A Southern Jewish Woman’s Story from 1879 Asks Questions Still Lingering Today

I recently came across a short story titled Miss Magdalena Peanuts, published in the Atlantic Monthly in September, 1879. It was written by Phoebe Yates Pember, a Southern Jewish woman who lived during the Great Awakening, a time of intense Christian proselytization.

Miss Magdalena Peanuts is about Mrs. Pinotte, a sick woman who is close to dying and is trying to make guardianship arrangements for her teenage daughter, Miss Magdalena (or Maggie). The narrator, Mizz Lizzie, chronicles the visits of various church leaders who seem to have a stake in Mrs. Pinotte’s decision. Their motivation is clear: each potential caretaker wants Maggie to claim their faith as her own.

Mrs. Pinotte is visited by the Presbyterian, Baptist and Episcopal ministers. All of these clerics are disturbed by Mrs. Pinotte’s ultimate selection of Mr. Rosen, the Jewish pharmacist, as Maggie’s guardian—and also Ms.  Pinotte’s choice to be cared for by the Catholic sisters in her final days.

Miss Magdalena Peanuts is a work of fiction, but this story clearly makes a statement about the place of Jews in a predominately Christian context. It makes the Jewish character, Mr. Rosen, a visible member of his community—and more than that, as an individual as suitable as anyone else in the community to be Maggie’s guardian. In this story, the author seems to question the allegiances people have to religious institutions, and to cast doubt on the suspicion many Protestants had of the Jews and Catholics at that time.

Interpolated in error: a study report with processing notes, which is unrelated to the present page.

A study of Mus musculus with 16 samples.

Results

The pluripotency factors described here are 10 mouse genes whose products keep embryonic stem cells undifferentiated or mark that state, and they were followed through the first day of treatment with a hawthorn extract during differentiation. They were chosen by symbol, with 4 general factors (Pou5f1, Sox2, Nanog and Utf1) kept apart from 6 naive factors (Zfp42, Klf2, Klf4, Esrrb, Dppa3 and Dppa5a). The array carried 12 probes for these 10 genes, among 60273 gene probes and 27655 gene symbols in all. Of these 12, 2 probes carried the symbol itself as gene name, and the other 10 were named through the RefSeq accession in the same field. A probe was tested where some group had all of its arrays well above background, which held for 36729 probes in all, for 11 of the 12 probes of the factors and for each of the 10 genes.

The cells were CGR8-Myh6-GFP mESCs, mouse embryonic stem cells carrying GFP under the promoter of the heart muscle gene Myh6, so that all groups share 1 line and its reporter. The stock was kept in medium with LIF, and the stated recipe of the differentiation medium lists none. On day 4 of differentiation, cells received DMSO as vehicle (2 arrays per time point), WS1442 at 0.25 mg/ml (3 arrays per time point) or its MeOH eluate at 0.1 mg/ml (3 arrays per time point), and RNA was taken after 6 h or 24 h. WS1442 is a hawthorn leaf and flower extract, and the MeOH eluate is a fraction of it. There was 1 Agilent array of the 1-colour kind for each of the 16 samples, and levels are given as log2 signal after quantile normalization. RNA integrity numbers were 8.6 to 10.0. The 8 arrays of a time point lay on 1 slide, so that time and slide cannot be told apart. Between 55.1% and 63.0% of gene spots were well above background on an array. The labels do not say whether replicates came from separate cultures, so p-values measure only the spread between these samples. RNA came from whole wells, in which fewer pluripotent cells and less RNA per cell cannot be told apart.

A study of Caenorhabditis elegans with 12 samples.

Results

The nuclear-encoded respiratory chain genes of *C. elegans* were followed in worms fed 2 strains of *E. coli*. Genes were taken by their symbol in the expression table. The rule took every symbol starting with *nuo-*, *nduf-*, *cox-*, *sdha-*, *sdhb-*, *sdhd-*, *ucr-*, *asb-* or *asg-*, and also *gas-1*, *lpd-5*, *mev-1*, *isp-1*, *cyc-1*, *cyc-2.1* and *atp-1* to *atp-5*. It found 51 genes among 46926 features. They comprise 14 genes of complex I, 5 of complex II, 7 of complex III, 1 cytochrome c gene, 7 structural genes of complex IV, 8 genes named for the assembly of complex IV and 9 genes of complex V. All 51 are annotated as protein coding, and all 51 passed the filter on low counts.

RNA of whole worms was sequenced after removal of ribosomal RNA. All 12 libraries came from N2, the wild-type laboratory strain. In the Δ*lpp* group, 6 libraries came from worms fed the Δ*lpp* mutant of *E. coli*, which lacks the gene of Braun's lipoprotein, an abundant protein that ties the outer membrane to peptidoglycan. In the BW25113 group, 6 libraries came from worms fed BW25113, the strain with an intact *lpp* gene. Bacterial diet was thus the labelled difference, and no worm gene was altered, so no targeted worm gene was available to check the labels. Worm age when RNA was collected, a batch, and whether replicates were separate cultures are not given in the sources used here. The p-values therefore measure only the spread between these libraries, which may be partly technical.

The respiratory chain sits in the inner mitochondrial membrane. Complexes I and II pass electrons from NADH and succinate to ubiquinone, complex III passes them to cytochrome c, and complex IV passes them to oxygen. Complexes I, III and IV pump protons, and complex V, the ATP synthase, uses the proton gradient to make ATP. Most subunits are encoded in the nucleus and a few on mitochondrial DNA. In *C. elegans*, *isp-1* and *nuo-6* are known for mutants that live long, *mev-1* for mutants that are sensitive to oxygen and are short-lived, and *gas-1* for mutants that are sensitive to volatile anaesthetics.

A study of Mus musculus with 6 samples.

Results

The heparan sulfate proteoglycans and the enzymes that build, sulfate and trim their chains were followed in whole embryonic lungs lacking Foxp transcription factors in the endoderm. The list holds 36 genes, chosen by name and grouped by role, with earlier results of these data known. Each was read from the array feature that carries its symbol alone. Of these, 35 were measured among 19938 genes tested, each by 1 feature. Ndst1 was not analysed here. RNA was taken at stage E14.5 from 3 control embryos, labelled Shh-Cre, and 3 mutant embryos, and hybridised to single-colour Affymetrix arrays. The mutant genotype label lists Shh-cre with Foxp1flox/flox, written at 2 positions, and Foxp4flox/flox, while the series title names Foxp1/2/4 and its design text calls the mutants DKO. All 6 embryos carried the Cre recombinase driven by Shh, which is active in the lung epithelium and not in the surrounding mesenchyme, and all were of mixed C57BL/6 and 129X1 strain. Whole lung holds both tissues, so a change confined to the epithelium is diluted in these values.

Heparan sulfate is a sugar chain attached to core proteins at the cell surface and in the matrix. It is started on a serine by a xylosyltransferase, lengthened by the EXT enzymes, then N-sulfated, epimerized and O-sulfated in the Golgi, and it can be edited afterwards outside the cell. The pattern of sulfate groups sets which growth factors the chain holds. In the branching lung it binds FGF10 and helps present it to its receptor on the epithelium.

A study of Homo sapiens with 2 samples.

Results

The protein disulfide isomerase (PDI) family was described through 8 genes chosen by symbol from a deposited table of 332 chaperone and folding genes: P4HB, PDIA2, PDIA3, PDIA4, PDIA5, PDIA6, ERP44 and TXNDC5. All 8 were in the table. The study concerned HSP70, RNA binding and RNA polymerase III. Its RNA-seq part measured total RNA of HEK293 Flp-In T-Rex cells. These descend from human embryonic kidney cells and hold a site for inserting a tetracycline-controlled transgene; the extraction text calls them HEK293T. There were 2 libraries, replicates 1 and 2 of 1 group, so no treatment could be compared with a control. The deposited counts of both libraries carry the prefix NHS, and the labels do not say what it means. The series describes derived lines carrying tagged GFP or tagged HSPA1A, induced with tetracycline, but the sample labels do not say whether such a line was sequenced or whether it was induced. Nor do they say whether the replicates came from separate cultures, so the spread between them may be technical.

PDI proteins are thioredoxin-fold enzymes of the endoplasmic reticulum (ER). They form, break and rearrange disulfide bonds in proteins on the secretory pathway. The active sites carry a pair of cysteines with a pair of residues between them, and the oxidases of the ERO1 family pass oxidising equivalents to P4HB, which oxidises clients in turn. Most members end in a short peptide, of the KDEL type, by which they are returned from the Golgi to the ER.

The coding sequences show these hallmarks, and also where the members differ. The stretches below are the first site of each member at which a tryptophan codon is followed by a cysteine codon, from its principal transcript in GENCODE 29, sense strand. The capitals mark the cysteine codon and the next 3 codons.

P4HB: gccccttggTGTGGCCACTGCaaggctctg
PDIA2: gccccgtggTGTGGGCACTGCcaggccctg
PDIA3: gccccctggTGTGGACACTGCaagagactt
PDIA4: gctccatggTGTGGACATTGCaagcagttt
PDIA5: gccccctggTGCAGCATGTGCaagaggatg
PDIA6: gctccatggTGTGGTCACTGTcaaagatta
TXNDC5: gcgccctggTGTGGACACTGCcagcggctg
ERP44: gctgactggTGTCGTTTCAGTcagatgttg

In fact, Ms. Yates Pember makes us question the motives of all involved… but also whether motives even matter, so long as the outcome in the end is the desired one. Mizz Lizzie shares a conversation between her sister and a visitor. When the visitor shares her concerns with Mizz Lizzie’s sister, her sister remarks:

“What object could they have?” And then, “Well suppose they do; I am sure I have no objection. They will take excellent care of her, and that is, after all, the most important duty (pg. 295).”

Ms. Yates-Pember clearly used storytelling to get a message across to her readers, and this piece is an example of how storytelling, and writing, can be a platform through which we can raise awareness about social issues, human realities, and the need for change. Sometimes, through fiction, we can vitally explore realities and issues faced by many.

Stories challenge our understanding of the human experience and there is particular value to designating time to listening to stories that we may not hear on a regular basis. Storytelling can highlight the need for action and change. Though written more than a century ago, this story’s themes resonate with me as I consider the implications of religious affiliation in the Bible Belt today. The question that has stuck with me since I read the story is whether the issues raised by this story can present a challenge to Jewish communities as well. When we talk about increasing synagogue affiliation, what is our motivation? Additionally, how would we describe the ideal relationships among people of different faiths in our community? How do they perceive us, how do we perceive them — and as long as we treat each other well, how much do motives matter?

This story is more than 100 years old, but these questions still linger.